Former Executive Yuan spokesperson Hu Yu-wei (胡幼偉) has recently come under fire for posting a message on Facebook saying that students who participated in the Sunflower movement could face job-hunting difficulties due to their “perceived anti-establishment tendencies.”
Hu posted the comment on Monday, in which he said several high-level managers at private corporations had told him they planned to include questions such as “Did you participate in the student movement?” and “Do you support the student protesters’ anti-establishment behavior?” into their list of routine job interview questions.
“They believe participants in the movement are likelier to resign as they please or launch a campaign against the company when they encounter setbacks at work,” Hu said.
“They said their companies could not afford to have infighting at work amid a gloomy economy,” Hu wrote, adding that the negative impression attached to the movement had become a challenge that each student protester had to face once they graduated.
A netizen claiming to be an entrepreneur agreed with Hu’s opinions, saying that he would never consider hiring people who had joined the movement because their behavior indicated poor judgement, an inability to foresee the consequences of their actions, a tendency to be incited and lack of team spirit.
Others disagreed, however, saying that the student protesters had demonstrated impressive critical thinking, which would make them sought-after candidates in the job market.
Taipei Chamber of Commerce director-general Wang Ying-chieh (王應傑) said that if student leaders Lin Fei-fan (林飛帆) and Chen Wei-ting (陳為廷) ever approached him seeking employment opportunities, he would undoubtedly put them on the short list.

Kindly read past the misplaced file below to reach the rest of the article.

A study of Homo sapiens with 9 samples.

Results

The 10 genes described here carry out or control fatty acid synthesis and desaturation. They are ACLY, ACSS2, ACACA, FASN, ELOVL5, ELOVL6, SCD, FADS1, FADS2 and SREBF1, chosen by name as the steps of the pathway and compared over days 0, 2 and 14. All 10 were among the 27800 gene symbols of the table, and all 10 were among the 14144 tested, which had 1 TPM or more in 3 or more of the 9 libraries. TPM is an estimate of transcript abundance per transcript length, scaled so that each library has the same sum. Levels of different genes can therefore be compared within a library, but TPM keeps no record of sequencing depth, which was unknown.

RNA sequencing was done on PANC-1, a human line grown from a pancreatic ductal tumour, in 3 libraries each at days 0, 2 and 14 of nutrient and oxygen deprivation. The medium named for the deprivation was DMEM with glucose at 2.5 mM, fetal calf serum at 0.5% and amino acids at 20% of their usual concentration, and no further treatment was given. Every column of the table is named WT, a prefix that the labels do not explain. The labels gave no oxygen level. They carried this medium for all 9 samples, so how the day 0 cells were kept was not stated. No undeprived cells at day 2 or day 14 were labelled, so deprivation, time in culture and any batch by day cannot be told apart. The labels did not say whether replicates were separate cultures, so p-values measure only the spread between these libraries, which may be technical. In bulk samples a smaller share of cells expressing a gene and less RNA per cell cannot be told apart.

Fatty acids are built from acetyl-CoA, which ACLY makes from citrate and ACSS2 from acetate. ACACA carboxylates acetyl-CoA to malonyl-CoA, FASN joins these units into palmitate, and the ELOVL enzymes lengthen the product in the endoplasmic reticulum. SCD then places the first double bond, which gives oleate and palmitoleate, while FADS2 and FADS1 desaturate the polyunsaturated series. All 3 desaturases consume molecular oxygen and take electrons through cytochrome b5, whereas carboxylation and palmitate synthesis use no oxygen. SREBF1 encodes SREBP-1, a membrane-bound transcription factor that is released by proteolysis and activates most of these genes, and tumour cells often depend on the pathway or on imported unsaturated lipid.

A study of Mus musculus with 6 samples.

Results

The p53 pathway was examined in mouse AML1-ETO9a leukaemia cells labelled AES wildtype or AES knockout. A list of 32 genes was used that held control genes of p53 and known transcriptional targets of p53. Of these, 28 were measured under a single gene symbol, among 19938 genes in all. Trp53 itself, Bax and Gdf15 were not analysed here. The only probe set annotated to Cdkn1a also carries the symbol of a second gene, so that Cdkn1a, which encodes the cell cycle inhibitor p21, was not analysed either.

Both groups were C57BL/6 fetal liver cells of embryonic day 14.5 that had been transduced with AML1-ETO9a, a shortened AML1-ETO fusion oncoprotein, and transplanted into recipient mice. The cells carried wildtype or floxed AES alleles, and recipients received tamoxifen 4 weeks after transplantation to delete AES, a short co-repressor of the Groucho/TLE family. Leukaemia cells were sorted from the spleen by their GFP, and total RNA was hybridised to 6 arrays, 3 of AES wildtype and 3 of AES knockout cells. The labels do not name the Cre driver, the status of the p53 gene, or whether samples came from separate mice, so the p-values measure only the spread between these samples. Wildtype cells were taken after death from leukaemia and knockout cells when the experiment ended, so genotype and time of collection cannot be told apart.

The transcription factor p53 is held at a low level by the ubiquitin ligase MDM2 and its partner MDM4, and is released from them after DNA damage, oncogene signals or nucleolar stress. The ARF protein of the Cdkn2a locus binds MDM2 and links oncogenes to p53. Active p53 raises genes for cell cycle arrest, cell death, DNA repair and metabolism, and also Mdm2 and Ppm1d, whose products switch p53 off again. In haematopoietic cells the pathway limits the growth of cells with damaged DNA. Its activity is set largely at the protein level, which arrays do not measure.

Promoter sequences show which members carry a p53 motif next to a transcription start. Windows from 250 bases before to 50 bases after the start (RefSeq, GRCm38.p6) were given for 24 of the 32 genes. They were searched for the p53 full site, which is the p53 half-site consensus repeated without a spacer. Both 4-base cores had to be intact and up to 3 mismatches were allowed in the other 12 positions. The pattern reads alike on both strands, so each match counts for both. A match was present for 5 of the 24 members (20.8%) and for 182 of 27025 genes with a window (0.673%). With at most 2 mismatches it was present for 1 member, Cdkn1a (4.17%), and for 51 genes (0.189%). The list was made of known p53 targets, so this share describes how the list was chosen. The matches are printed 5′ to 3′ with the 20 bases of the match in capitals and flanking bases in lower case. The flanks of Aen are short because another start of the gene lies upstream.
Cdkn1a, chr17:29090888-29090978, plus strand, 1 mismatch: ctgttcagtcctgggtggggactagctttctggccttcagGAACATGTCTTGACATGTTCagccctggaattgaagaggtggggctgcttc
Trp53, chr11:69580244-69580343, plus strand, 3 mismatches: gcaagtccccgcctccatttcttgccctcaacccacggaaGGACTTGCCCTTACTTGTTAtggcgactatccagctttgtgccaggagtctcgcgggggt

ELIV International Service (以立國際服務), a Taiwan-based social enterprise which was recognized as a socially responsible small and medium-sized company last year by the Chinese-language monthly magazine Manager Today, posted a help-wanted advertisement on Facebook on Monday looking exclusively for participants in the movement.
Taiwanese writer and filmmaker Giddens Ko (柯景騰), better known by his pseudonym, Jiubadao (九把刀), also took issue with Hu’s comments.
“Every creator is a skeptic who spends most of their lives criticizing the world... But they are doing so for one simple reason: to try to make this world a better, better and better place,” Ko wrote on Facebook on Tuesday.
“Let’s say I am looking for someone to help me make a movie. If the applicant seems okay with everything and does not have a problem or an opinion about anything, I would be very concerned because I do not see how we are ever going to make something mind-blowing together,” Ko wrote.
Hu’s comment also drew criticism from labor groups, with Taiwan Labor Front secretary-general Son Yu-lian (孫友聯) lambasting Hu for trying to “encourage” employers not to hire students who joined the movement.
“According to the Employment Service Act (就業服務法), employers are prohibited from discriminating against any job applicant or employee on the basis of thought. Violators are punishable by a fine ranging from NT$300,000 to NT$1.5 million [US$10,000 to US$50,000],” Son said.